Sunday, August 18, 2019 | ePaper
Sudan's military council warns against road blocks as protests continue
Reuters, Khartoum :
Sudanese demonstrators wave national flags as they attend a mass anti-military protest outside the Defence Ministry in Khartoum on Sunday.
Sudan's ruling Transitional Military Council (TMC) warned on Monday against protesters blocking roads and limiting the movement of citizens as protests continued after president Omar al-Bashir was forced from power.
The TMC also said it was unacceptable that some young people were exercising the role of the police and security services, in violation of the law, a reference to youths who have been searching protesters taking part in a sit-in outside the Defense Ministry.
The TMC and the opposition have traded threats since Sunday, with the Sudanese Professionals' Association (SPA), the main organizer of the protests, saying it would suspend talks with the Council. "We have decided to opt for escalation with the military council, not to recognize its legitimacy and to continue the sit-in and escalate the protests on the streets," Mohamed al-Amin Abdel-Aziz of the SPA told crowds outside the Defense Ministry on Sunday.
The protesters have kept up the sit-in outside the Ministry since Bashir was removed by the military on April 11 and have demonstrated in large numbers in recent days, pressing for a rapid handover to civilian rule.
TMC head Abdel Fattah al-Burhan told state TV on Sunday that the formation of a joint military-civilian council, one of the activists' demands, was being considered. "The issue has been put forward for discussion and a vision has yet to be reached," he said.
Saudi Arabia and the United Arab Emirates said on Sunday they had agreed to send Sudan $3 billion worth of aid, throwing a lifeline to the country's new military leaders.
Demonstrators entering the site have to go through several layers of checks, including personal frisks and searching of their bags, an AFP correspondent reported. Protesters have accused the military council of being little different from the ousted regime of veteran leader Omar al-Bashir who was topped by the army on April 11 following months of demonstrations.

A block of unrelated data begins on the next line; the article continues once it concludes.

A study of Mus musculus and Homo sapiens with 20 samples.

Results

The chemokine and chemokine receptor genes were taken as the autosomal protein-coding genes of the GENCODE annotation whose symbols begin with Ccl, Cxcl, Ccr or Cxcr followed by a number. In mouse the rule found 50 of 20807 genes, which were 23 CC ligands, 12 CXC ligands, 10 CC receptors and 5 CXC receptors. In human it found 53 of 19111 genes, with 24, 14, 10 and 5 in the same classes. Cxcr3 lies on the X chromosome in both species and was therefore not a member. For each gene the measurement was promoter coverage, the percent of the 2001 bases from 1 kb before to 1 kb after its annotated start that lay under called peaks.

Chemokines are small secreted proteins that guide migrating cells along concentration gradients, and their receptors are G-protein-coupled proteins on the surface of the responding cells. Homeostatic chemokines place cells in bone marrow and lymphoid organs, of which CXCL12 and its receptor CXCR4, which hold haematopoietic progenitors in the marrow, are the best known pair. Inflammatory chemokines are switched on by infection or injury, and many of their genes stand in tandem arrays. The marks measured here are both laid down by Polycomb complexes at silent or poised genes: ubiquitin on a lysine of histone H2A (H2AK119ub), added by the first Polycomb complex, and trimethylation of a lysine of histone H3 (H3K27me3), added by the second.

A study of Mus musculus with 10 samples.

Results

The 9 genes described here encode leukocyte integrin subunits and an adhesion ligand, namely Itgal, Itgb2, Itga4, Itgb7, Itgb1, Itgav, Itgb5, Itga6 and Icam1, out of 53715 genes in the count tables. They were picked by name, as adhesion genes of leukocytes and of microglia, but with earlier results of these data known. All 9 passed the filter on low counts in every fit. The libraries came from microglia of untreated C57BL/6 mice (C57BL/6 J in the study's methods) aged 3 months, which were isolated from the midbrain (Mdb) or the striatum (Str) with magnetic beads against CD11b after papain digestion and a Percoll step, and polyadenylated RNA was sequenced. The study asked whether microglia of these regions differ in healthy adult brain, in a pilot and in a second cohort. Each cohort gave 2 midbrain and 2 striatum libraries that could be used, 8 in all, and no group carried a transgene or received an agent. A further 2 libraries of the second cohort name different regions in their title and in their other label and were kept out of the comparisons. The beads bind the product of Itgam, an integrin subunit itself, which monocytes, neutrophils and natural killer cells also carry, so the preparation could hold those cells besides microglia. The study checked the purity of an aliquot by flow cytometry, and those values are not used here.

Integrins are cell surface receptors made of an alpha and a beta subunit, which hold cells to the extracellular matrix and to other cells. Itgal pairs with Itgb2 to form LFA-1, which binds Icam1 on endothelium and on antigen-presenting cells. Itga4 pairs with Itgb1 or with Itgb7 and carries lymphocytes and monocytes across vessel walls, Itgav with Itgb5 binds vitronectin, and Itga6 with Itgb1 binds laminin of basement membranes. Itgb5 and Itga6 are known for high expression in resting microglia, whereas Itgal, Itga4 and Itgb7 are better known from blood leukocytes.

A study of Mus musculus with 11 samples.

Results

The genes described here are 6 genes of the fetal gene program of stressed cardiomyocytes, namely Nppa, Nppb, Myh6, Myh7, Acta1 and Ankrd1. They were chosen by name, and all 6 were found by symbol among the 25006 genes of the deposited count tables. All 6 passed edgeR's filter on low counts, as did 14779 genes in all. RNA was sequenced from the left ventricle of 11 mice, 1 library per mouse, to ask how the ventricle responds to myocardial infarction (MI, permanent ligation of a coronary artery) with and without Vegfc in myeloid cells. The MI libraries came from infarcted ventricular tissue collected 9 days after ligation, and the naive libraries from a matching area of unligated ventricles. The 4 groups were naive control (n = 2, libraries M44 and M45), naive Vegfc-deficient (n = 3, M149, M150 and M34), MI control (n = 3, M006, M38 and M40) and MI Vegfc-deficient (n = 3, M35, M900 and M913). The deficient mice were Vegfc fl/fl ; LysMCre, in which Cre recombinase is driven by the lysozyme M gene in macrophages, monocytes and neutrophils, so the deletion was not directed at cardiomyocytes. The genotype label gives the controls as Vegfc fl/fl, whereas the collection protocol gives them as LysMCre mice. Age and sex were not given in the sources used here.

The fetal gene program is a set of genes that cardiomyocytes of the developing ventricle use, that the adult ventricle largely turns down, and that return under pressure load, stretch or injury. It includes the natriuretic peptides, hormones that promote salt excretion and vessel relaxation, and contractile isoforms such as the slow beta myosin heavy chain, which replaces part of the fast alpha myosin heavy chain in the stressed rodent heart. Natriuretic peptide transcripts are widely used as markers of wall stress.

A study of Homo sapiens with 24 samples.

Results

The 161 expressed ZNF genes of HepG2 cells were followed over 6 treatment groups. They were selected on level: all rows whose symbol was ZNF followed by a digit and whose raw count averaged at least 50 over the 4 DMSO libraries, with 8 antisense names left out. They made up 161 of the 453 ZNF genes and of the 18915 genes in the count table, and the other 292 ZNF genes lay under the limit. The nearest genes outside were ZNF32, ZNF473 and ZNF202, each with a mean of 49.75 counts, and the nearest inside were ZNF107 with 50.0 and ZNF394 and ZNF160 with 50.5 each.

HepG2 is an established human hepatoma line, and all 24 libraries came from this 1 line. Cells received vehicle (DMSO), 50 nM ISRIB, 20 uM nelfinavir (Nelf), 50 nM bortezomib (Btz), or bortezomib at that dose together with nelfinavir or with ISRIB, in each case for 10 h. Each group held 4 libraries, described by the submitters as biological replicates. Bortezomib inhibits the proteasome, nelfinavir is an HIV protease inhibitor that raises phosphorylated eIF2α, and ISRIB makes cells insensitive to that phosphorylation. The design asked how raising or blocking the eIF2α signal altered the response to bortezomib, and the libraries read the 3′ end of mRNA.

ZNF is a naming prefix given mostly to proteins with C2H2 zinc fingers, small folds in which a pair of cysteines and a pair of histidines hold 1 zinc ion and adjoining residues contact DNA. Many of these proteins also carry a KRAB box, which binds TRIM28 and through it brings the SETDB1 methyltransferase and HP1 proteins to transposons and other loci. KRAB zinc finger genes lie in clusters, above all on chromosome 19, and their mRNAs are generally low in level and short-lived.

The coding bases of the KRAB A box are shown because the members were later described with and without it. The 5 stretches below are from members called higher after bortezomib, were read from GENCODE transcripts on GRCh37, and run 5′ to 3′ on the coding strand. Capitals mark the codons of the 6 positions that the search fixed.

Since then a 10-member military council led by Burhan has taken power.
Protesters want the council to be dissolved and to hand power to a transitional civilian government.
Bashir survived several armed rebellions, economic crises, and attempts by the West to turn him into a pariah during his 30-year rule before he was toppled in a military coup.
At a sit-in outside Sudan's Ministry of Defence that began on April 6, protesters stood besides posters of Bashir that called on the ICC to put him on trial.
The Sudanese Professionals' Association, leading the protests, has called for holding Bashir and members of his administration to account, a purge of corruption and cronyism and easing an economic crisis that worsened during Bashir's last years in power.
On Wednesday, Sudan's transitional military council ordered the central bank to review financial transfers since April 1 and to seize "suspect" funds, according to state news agency SUNA.
The council also ordered the "suspension of the transfer of ownership of any shares until further notice and for any large or suspect transfers of shares or companies to be reported" to authorities.